The hard-boiled meaning behind red eggs at Easter

Over an evening spent preparing 48 hard-boiled eggs ready to be dyed for Orthodox Easter, three generations of Greek women chat about the importance of keeping tradition alive in contemporary times.


“I was so proud these things came from our house – it was one of the nicer wog things,” Mary Wright, my aunt, says over a table populated with bowls of hard-boiled eggs, leaves, squares of stockings, and pieces of Turkish delight. The latter treat is to be enjoyed while we work.

“People were a bit scared of our dolmathes and other things, but a red fancy egg was special.”

It’s Wednesday night and we’re at my Greek grandparent’s suburban home in Adelaide’s south. The red-bricked bungalow is full of artefacts from my yiayia and pappou’s prior life, before they migrated to Australia in the ‘60s. Their Greek patriotism is evident in magnets, calendars, and ancient-looking black-and-white photos of my ancestors, which cover the fridge and walls.

In addition to these objects, my grandparents brought certain cultural mores to their new home.

My mum, aunt, yiayia and I gather around the dining table to take part in a foundational activity enjoyed as part of Pascha, or Orthodox Easter. This is the egg-dyeing (paschalina auya, in Greek), a practice observed in my grandparents’ Greek village, Kalamos – an hour’s drive north of Athens – but also enjoyed all over Australia by Orthodox communities and immigrant families.

I graze from a bowl of deep-fried chips, made with potatoes from my pappou’s thriving garden, while my mum, Kerry Vlahos – the eldest of three siblings – explains the egg-dyeing is women’s work. The men are usually up at the “crack of dawn” on Easter Sunday, preparing the spit for a marinated lamb.

“We are decorating eggs with leaves that my sister’s cut from the garden, and then we’re fixing them to the egg with some old pieces of stocking,” she says.

“The stockings are used as a very fine sieve, with the leaf between the stocking and the egg, and then when they’re put in the dye on Saturday, to be boiled. When you remove the stocking and you remove the leaf – you’ll have a white patch that the dye couldn’t stick to.”

My yiayia won’t let arthritis stop her from colouring the eggs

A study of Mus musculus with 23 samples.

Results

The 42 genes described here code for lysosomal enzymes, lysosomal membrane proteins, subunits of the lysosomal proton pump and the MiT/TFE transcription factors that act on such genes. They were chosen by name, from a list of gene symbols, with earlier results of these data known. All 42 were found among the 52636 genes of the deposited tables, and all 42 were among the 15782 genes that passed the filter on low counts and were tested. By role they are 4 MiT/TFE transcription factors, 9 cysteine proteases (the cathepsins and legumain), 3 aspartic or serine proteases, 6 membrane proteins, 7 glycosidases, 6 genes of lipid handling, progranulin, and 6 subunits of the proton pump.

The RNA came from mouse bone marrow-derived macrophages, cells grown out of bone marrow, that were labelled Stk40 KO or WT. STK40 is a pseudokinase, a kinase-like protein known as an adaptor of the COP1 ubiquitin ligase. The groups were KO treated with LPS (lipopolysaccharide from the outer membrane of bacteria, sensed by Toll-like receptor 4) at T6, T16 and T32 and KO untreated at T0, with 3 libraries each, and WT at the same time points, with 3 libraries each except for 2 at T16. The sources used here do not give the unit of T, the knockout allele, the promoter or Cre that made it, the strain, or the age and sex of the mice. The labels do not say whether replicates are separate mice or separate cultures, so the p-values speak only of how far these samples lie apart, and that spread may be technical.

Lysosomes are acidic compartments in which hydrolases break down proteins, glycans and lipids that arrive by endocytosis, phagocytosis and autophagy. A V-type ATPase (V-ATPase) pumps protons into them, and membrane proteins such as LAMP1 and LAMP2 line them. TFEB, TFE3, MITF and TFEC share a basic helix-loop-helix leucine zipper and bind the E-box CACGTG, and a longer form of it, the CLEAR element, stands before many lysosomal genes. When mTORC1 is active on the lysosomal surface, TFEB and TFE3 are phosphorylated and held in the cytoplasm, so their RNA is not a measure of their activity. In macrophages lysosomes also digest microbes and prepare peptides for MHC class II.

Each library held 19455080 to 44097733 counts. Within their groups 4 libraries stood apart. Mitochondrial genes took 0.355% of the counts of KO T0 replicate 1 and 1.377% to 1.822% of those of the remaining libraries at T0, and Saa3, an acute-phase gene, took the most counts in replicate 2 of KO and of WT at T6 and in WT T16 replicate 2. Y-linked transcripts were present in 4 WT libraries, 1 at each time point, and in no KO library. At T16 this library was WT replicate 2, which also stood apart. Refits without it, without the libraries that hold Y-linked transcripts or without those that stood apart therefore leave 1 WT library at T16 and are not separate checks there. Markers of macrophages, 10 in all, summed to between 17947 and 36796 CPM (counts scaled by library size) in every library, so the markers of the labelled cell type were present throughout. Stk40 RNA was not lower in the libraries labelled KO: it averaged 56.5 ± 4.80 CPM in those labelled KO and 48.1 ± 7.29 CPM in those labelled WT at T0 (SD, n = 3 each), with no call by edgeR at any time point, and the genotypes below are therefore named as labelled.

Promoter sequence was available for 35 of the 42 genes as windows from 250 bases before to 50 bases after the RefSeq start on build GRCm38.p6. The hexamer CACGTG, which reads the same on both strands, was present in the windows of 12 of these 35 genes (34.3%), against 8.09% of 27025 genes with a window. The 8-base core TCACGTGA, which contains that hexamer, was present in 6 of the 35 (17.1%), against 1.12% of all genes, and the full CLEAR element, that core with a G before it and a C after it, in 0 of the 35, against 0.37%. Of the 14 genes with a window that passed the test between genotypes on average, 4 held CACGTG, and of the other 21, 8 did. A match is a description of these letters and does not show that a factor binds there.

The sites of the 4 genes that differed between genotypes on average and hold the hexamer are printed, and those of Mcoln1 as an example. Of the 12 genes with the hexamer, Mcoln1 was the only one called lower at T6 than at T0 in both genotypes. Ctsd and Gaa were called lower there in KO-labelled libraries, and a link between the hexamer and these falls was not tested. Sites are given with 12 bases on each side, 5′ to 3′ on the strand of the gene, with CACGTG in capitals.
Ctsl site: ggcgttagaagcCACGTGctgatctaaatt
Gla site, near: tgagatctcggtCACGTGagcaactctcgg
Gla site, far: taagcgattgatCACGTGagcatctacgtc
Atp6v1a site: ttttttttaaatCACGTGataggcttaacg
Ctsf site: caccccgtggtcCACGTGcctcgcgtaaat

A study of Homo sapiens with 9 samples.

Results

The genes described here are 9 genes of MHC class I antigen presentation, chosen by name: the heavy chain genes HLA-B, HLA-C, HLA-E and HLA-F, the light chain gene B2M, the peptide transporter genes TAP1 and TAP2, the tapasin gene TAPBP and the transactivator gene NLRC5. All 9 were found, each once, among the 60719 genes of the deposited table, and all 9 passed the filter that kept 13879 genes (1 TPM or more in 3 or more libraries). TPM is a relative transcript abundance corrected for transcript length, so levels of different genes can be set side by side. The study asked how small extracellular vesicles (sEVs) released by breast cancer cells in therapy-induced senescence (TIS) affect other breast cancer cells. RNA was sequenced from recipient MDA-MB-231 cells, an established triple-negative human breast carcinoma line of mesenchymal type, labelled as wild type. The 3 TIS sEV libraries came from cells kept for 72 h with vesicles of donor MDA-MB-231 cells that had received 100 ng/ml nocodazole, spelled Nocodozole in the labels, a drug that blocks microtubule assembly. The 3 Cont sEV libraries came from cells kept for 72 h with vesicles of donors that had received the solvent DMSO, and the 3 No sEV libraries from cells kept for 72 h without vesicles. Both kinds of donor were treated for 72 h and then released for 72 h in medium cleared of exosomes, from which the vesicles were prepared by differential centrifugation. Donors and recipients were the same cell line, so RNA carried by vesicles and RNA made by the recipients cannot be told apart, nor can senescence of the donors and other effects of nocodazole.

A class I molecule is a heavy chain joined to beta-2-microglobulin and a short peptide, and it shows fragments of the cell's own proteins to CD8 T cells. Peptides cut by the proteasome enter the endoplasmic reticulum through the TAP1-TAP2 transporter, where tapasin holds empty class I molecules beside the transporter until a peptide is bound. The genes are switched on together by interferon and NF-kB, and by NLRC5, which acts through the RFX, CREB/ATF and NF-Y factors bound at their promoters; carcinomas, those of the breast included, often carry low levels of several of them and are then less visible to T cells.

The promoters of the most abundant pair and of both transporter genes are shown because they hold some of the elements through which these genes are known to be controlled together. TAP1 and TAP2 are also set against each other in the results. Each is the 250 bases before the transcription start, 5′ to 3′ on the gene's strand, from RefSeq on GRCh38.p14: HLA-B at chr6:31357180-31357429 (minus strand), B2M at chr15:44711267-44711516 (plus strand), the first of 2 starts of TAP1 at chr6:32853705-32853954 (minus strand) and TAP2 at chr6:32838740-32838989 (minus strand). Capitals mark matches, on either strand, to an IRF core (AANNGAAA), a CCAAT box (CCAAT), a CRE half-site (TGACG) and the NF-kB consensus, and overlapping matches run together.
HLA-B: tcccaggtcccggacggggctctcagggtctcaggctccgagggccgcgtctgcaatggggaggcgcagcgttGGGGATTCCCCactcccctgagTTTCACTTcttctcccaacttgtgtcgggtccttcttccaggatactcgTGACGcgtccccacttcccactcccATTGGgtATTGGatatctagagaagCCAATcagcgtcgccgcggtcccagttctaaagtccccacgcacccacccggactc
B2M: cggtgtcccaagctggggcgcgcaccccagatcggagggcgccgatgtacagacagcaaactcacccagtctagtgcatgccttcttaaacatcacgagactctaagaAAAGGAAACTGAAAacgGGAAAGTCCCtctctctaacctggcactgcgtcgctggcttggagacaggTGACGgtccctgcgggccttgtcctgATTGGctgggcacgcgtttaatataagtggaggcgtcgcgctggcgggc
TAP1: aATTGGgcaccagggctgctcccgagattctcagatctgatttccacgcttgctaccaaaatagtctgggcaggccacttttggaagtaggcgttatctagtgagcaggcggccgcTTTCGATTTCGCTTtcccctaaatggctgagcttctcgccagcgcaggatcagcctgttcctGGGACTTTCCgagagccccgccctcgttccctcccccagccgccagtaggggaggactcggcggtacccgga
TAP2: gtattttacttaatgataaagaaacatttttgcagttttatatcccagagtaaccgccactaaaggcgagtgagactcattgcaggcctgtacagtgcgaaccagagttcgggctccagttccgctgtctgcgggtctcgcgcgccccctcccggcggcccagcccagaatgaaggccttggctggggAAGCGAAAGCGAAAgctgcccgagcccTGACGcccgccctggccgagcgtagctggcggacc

While living in Greece, my yiayia was too busy labouring on the farm and tending to donkeys to participate in dyeing the eggs. That job was something her mum, my ‘big yiayia’, did for the family.

When Yiayia (whose name is Angela Vlahos, my namesake) moved to Australia, she learned the practice for Pappou. “It’s Greek. It’s Orthodox. I could never not do it,” Yiayia says, her gold crucifix pendant glinting on her chest.

“It was important for her to do it for Pappou,” my aunt explains, “so Pappou wouldn’t have been ridiculed and his wife spoken about, that she doesn’t know how to do eggs.”

While other kids enjoyed chocolates, my mum, aunt and uncle – first-generation immigrants – got hard-boiled eggs for Easter. Although Mum says she felt cheated out of confectionaries, the process of tenderly decorating these objects is a special part of their family history.

I don’t want to lose it. It’s part of our heritage.
—Mary Wright

“It connects me to my mum and my culture,” Mum says, while pinching a chip from my bowl.

The tradition of egg-dyeing happens in the week leading up to Orthodox Easter, but cannot be done on the Friday.

“On Friday, you’ve got a funeral taking place,” my aunt explains.

“To be a dyeing something red, which is you know, a joyous colour, is not synonymous with mourning.”

Although egg-dyeing is steeped in thousands of years of tradition, occasionally there are contemporary flourishes. As Mum wraps one of her eggs in a heart-shaped leaf, she recalls one of her earlier trials.

“Do you remember that year when we tried the diamantés?” she remembers. “We tried to jazz them up a bit.”

When asked how it went, she looks down. “Not very well,” she admits with a laugh.

Covering the eggs with patterns from plant cuttings is a technique Yiayia picked up after migrating to Adelaide. A relative from the Peloponnese region of Greece presented her half a dozen of these modern-looking eggs, and she was enthralled.

“Her sister-in-law one time bought her eggs and they had been done like they this, and she went, ‘How did you do that?’,” my aunt says, translating for Yiayia.

Over the course of the evening, our conversation travels through religion, migration and Yiayia’s past life in the village (an experience of poverty, but also lots of love). Eventually, the 48 hard-boiled eggs are deemed sufficiently adorned.

Tomorrow, they will be submerged in a special red dye for a finishing touch, and then on Sunday – after we’ve devoured a massive feast – we’ll play the egg cracking game.

Each family member around the table gets one egg, and we’ll take it in turns trying to smash each others’. Whoever’s egg survives the assault is the victor. Your prize: a year of good luck. (Allegedly.)

Before we pack up, I ask my aunt why she likes decorating the edible objects. Partly, it’s a time to catch-up, gossip and eat Turkish delight and chips, she says, but also “it’s just such a special time with Mum, and it’s just so ingrained”.

“I don’t want to lose it. It’s part of our heritage. It makes Easter Easter. Just for this moment.”